Half-breed Keoma returns to his border hometown after service in the Civil War and finds it under the control of Caldwell, an ex-Confederate raider, and his vicious gang of thugs. To make ... See full summary »
Kowalski works for a car delivery service. He takes delivery of a 1970 Dodge Challenger to take from Colorado to San Francisco, California. Shortly after pickup, he takes a bet to get the ... See full summary »
A mountain man who wishes to live the life of a hermit becomes the unwilling object of a long vendetta by Indians when he proves to be the match of their warriors in one-to-one combat on ... See full summary »
While driving through the Arizona desert, Albuquerque based independent trucker Martin Penwald - who goes by the handle "Rubber Duck" - along with his fellow truckers "Pig Pen" and "Spider Mike", are entrapped by unscrupulous Sheriff Lyle "Cottonmouth" Wallace using a key tool of the trucker's trade, the citizens' band (CB) radio. Rubber Duck and Cottonmouth have a long, antagonistic history. When this encounter later escalates into a more physical one as Cottonmouth threatens Spider Mike, a man who just wants to get home to his pregnant wife, Rubber Duck and other the truckers involved, including Spider Mike, Pig Pen and "Widow Woman", go on the run, figuring the best thing to do being to head to New Mexico to avoid prosecution. Along for the ride is Melissa, a beautiful photographer who just wanted a ride to the airport. As news of what happened spreads over the CB airwaves, other truckers join their convoy as a show of support. Cottonmouth rallies other law enforcement officers ... Written by
According to the audio commentary on 42nd Street Forever Volume 4, Gene Hackman turned down directing the film. See more »
The sports car that Lyle commandeers does not have a rear view mirror. See more »
[kicking her overturned truck in disgust]
This piece of white shit! I knew I should've bought myself a black truck!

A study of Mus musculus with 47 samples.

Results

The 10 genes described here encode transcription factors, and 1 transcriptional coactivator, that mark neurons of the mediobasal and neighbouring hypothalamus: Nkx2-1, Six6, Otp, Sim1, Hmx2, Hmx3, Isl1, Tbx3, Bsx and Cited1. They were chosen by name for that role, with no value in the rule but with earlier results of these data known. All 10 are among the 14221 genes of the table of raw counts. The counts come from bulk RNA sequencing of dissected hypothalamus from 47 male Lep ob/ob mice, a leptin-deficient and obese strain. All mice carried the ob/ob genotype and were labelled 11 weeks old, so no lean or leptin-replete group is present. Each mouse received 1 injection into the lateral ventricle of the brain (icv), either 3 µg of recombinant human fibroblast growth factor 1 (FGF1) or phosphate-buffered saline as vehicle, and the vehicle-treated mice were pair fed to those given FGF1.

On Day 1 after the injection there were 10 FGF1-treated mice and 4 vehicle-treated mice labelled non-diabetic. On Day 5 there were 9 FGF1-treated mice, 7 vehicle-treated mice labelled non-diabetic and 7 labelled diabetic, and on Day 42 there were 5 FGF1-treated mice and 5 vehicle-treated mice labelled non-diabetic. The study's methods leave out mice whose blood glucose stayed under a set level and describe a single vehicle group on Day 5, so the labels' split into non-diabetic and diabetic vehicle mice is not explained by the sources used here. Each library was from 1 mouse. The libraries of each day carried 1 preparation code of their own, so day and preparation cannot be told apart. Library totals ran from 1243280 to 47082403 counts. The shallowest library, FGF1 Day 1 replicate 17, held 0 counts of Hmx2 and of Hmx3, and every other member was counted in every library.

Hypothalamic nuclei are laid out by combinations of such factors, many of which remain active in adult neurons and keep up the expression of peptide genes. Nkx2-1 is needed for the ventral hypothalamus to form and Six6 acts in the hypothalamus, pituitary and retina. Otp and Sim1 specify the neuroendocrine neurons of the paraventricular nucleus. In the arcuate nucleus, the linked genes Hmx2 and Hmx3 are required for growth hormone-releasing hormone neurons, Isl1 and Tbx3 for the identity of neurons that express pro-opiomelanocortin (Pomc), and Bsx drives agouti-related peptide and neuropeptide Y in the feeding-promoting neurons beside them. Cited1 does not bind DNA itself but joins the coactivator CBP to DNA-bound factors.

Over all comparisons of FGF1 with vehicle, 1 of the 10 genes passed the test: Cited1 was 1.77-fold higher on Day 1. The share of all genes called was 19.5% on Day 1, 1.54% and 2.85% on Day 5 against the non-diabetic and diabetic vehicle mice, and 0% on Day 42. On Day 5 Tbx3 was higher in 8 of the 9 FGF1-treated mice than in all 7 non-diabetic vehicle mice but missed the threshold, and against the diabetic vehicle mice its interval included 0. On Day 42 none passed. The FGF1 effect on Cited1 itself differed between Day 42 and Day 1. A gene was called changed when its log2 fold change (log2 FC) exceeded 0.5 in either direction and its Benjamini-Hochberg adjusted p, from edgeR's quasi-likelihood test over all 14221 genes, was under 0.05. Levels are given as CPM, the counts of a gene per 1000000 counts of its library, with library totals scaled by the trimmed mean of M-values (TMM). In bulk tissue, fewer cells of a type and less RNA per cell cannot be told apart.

Somewhat surprisingly, the watchable but completely forgettable Convoy was the biggest hit of Sam Peckinpah's career, though by all accounts Peckinpah was so stoned on drugs and booze throughout the shoot that he directed little of it, with assistants and James Coburn filling in on the many occasions he couldn't get up the enthusiasm to leave his trailer. It's the kind of film that makes Smokey and the Bandit 3 look substantial and is pretty much a shoo-in as Peckinpah's worst film. There is one good almost balletic sequence of police cars running off dusty backroads set to the accompaniment of a semi-classical version of the C.W. McCall country-and-western song (originally written as a jingle) that provided what little inspiration there was for the film and some good support from Madge Sinclair's Widow Woman. But you can't help feeling that it's straining for significance a bit at times to hide the thinness of it all - truckers are the last of the real cowboys, just trying' to live free without rules or reasons, don'tcha know - and that it would have been a whole lot more fun with Burt Reynolds and Jackie Gleason in the Kris Kristofferson and Ernest Borgnine roles. On the plus side at least the action scenes are better handled than in The Killer Elite, although even here some of the signature slow-motion here seems almost accidental, with some scenes fuzzily step-printed in post-production to slow them down (presumably because the few big stunts happened too fast to register on screen) sticking out like a stylistic sore thumb amid the clarity of the much more effective sequences shot in genuine in-camera slow motion.